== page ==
Shoulder Dystocia During Childbirth - The Haller Case
The Haller Case
Ms. Haller was expecting the birth of her first baby. Her prenatal visits went fine, and a few days after her due date, Ms. Haller’s doctor scheduled her for an induction of labor.
Ms. Haller went to the hospital, where she was admitted for labor, and given a dose of Pitocin, a drug given to help start the labor process. Labor continued for several hours, until around 7:00 p.m. whenever Ms. Haller became fully dilated and began pushing. A little after 8:30 p.m., the baby’s head started crowning, and the doctor entered the labor room to complete the delivery. At 8:50 p.m, the nurses and the doctor set everything up for the delivery, and the pediatrician was called to attend the delivery.
Ms. Haller continued to push, and at a little bit after 8:55 p.m., the baby’s head was delivered. However, the baby’s body did not follow, and the doctor diagnosed a shoulder dystocia.
A shoulder dystocia is when the baby’s head delivers but the body does not follow because the baby’s shoulder gets stuck behind the mother’s pubic bone. This is a medical emergency. When a shoulder dystocia is encountered, the doctor is to make sure that certain things do not happen. For example, he is not supposed to pull on the baby’s head to try to pull the baby out, the nurses are not supposed to push on the top of the mother’s stomach to try to push the baby out, and the mother is to stop pushing. Unfortunately in this case, those rules weren’t followed.
Once the shoulder dystocia was encountered, the nurses pressed on the mother’s belly in the wrong place, and then told her to continue to try to push the baby out. At the same time, the doctor began pulling on the baby’s head to try to pull the baby out. In the meantime, the baby’s grandmother, a nurse at the hospital, was watching all of this happen.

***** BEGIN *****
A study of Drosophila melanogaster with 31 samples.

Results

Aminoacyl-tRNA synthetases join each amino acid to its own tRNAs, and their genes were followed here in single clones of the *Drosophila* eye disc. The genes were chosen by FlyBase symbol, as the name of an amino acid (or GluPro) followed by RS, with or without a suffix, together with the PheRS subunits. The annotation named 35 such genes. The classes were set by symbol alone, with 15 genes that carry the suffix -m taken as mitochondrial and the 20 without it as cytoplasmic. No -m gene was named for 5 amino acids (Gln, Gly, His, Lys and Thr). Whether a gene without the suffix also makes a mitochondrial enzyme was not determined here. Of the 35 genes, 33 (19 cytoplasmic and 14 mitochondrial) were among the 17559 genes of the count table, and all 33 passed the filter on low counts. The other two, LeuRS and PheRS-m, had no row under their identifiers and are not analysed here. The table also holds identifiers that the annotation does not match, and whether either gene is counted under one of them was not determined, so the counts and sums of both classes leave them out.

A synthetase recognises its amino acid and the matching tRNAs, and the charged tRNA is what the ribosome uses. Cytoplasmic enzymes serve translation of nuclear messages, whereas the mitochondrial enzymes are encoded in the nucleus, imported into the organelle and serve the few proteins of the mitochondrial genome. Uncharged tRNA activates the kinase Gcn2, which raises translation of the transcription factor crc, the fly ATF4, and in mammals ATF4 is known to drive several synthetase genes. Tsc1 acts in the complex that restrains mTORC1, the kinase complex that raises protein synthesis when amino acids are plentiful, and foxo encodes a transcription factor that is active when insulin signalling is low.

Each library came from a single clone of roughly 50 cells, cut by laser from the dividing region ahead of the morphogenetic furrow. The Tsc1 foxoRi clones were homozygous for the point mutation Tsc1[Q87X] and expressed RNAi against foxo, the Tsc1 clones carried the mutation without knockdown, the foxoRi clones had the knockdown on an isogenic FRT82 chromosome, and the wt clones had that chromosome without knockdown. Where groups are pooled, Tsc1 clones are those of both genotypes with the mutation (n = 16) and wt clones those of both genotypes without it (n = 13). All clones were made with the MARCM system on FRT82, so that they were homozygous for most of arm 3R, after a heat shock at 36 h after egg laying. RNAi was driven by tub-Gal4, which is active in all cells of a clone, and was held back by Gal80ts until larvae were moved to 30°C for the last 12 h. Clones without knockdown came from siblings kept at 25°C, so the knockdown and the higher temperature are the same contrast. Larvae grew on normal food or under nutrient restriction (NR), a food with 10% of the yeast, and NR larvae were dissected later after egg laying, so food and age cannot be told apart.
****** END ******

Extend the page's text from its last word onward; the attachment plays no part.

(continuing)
Eventually, after a few minutes, the baby was delivered. However, the baby boy suffered a tear to several of the nerves in his brachial plexus. The brachial plexus is a series of nerves that run from the neck down through the shoulder to the arm. These are the nerves that get stretched during the shoulder dystocia, and which can be ripped, torn, or pulled from the neck if the doctor doesn’t perform the right maneuvers. In this case, the baby boy suffered tears in the cervical nerves C6 and C7. After delivery, he was taken home and followed-up with a local doctor who told them that the baby boy had to undergo surgery to try to repair the torn nerves, with a series of seven (7) nerves grafts done. However, he is left with a permanent injury.
A lawsuit was brought against the obstetrician who delivered the baby, as well as the hospital because of the nurses’ actions. On behalf of the mother and baby, we consulted with an obstetrical expert, as well as a pediatric neurologist, a life care planner and an economist. The experts were all able to show that the doctor used excessive traction (pulled too hard) on the baby’s head during delivery, and that the nurses pushed on the mother’s belly and instructed her to push the baby out, when they weren’t supposed to. The experts were all able to show how this led to the permanent lifelong injury.
The doctors and hospital said that they didn’t do anything wrong, and went to the extent to try to hire a biomechanical engineer to say that the baby was hurt by the “endogenous” forces of labor; in other words, that the baby was hurt in the womb. We objected to this as being junk science and that it wasn’t based on good evidence or engineering. We also asked the trial judge to hold what is called a Frye hearing; that is a hearing to determine if the biomechanical engineer’s science was good or not.
The case proceeded to trial and a jury was selected. However, after jury selection, the doctor and hospital agreed to settle the case for a significant settlement.